This week has been so beautiful. The sunrises are unreal shades of bllues, pinks and oranges - colors impossible to capture on film or in paint. A blogger that I follow, who lives in Mexico, is touring New Mexico and she is so taken with the kind of light that we get here. She has posted many photos of the sky with clouds, the sunrise, the sunset, etc. It sort of encourages me to see those things through her lens, as well as my appreciative one.
My classroom is on the second floor of the old part of our building, which has a small courtyard in the middle that is home to three trees. Each morning, during passing periods, I go over to the window, look out over the sky and admire the trees. One is a deep rusty red with twinges of pupley-red on the edges. Another smaller tree is draped in a golden hue with a blush of orange. The third tree, much smaller than the others, has leaves the color of leather with bits that look like they've been dipped in brown paint. At the beginning of the week the trees were fully adorned and the ground was still a deep, rich green. Now the ground is carpeted with the leaves that are falling from the trees. Since they live in a courtyard, the leaves are undisturbed by wind and thus, they do not commingle with each other. I imagine that when I return to school on Monday the trees will be but skeletons and the ground will be a kaleidoscope of of colors that deepen in hue each day.
This week I have also been doing a bit of art. I made a few small pieces to send off to friends who are part of an mail art exchange that I organized. This time I used small pieces of clay board to make Day of the Dead inspired art that is more flashy and blingy that I usually do, but it was so much fun!
The other day Larr noticed that a big ponderosa pine was being cut down in front of a house that he passes on his way to work. As he traveled back home that afternoon he found that the tree was gone and the wood was neatly stacked next to the road. Larr make an inquiry as to whether that wood was available for the taking, and it was, so he filled the SUV with the fragrant wood and had Kohlton go by to fill up his truck as well. The kids, Ellie, Kohlton and Brandon, were happy to help unload the wood and stack it in the back yard so that it will be ready to fuel our evening fires. The scent of the pine was heavy in the air, lingering there all evening. Later that evening we had a fire and used some of the new wood. It is so heavy with fresh pitch that the end of some of the pieces seemed to be boiling.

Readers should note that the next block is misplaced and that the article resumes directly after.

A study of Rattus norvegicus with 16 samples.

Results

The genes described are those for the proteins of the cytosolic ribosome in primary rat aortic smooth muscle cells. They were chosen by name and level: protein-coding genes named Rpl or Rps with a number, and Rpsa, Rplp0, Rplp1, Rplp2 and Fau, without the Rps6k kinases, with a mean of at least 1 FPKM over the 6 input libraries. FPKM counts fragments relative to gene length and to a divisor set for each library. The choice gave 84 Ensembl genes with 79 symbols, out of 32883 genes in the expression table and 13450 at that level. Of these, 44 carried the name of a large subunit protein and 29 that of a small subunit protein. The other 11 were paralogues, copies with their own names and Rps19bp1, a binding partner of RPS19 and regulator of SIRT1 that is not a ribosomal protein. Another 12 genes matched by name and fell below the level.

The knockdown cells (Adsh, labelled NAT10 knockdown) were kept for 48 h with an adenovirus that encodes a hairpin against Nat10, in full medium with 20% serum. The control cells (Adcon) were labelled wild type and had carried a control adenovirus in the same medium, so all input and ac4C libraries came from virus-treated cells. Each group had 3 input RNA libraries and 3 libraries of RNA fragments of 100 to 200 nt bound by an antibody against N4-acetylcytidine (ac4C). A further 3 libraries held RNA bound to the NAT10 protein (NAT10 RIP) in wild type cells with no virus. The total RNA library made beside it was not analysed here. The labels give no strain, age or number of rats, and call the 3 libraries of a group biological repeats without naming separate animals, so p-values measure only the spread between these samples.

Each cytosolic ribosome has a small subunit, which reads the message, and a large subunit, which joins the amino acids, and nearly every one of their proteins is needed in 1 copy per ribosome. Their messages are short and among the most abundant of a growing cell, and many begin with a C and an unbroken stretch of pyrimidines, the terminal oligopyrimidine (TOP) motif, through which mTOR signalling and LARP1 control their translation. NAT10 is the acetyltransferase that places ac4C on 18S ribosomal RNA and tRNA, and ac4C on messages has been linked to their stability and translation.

The stacked wood is so textural and lovely. It reminds me of a display I saw a few years ago at the Cherry Creek Arts Festival. A young man created art by arranging coins of wood in a deep frame. It looked a lot like this stack. Ever since seeing that man's art, I have wanted to make the same thing. This evening I am going to pick out some pieces of wood from the pile and set them aside for such a project. Larr says that I need to let them sit for a few month and that if I tried to cut them now, I would just end up with a gummed up blade.
The art looked a lot like this, but in a frame:
We also had a nice dinner of breaded green beans (which are about as good as french fries)and chicken pot pie in puff pastry cups. I offered the pumpkin spice cake with cinnamon glaze for dessert, but everyone was too full to have any of it. (I have included the chicken pot pie recipe below. It is a keeper.)
Chicken Pot Pies with Puff Pasteries
via:A Happy Food Dance
1 package puff pastry, thawed
3 chicken breast halves
2 tablespoons olive oil
1 tablespoon thyme
1 tablespoon rosemary
1 tablespoon pepper
2 teaspoons salt
2 tablespoons butter
1 large onion, chopped
3 medium carrots, chopped
12 ounces cremini mushrooms, stems removed and diced
½ cup flour
½ cup white wine
3 cups chicken stock
½ cup heavy cream
1 cup shelled green peas
2 tablespoons water
To roast the chicken, preheat oven to 425 degrees.
On a baking sheet lined with foil, lay breast skin side up and drizzle with olive oil. Season with thyme, rosemary, pepper and salt. Rub the seasonings all over the chicken and under the skin.
Roast chicken for 30-45 minutes, until chicken reaches 165 degrees internally and juices run clear.
Remove chicken, allow to cool, and then shred removing any bones, skin or fat. Do not discard pan drippings, this is full of flavor and will be used for our filling.
In a large saucepan, combine butter and drippings from the roasted chicken. Bring to medium-high heat and add onions, carrots and mushrooms. Cook stirring occasionally until onions are translucent, 3-5 minutes.
Stir in the shredded chicken, then sprinkle the flour over the top and stir again until everything is incorporated, cooking for an additional minute. Deglaze the pan with the white wine, stirring up any bits that have stuck to the bottom of the pan.
Slowly add the chicken broth while continuing to stir, cook until sauce has thickened.
Once it starts to thicken add salt and pepper to taste.
Add the heavy cream, continuing to stir. Let the mixture bubble and thicken, cooking an additional 3 minutes or so. If it seems overly thick, you can add a little more broth slowly.
At this time add your peas and give one more stir.
Pour your filling into the dish size you have chosen. I did 6 - 6" ramekins but you could do one large baking dish.
Roll out the puff pastry just enough to cover, with about 2" excess, your dish. Press the dough against the sides so that it sticks.
Using a knife, cut little vents here and there in the surface of the dough.
Beat egg and water and brush mixture all over the top of the crust (you will have extra egg wash).
Place your dish over top of a baking sheet, these might bubble over a bit and bake for 25-30 minutes or until your crust is golden brown and you filling is bubbly.
If your crust starts too get to brown, you can cover it lightly with foil.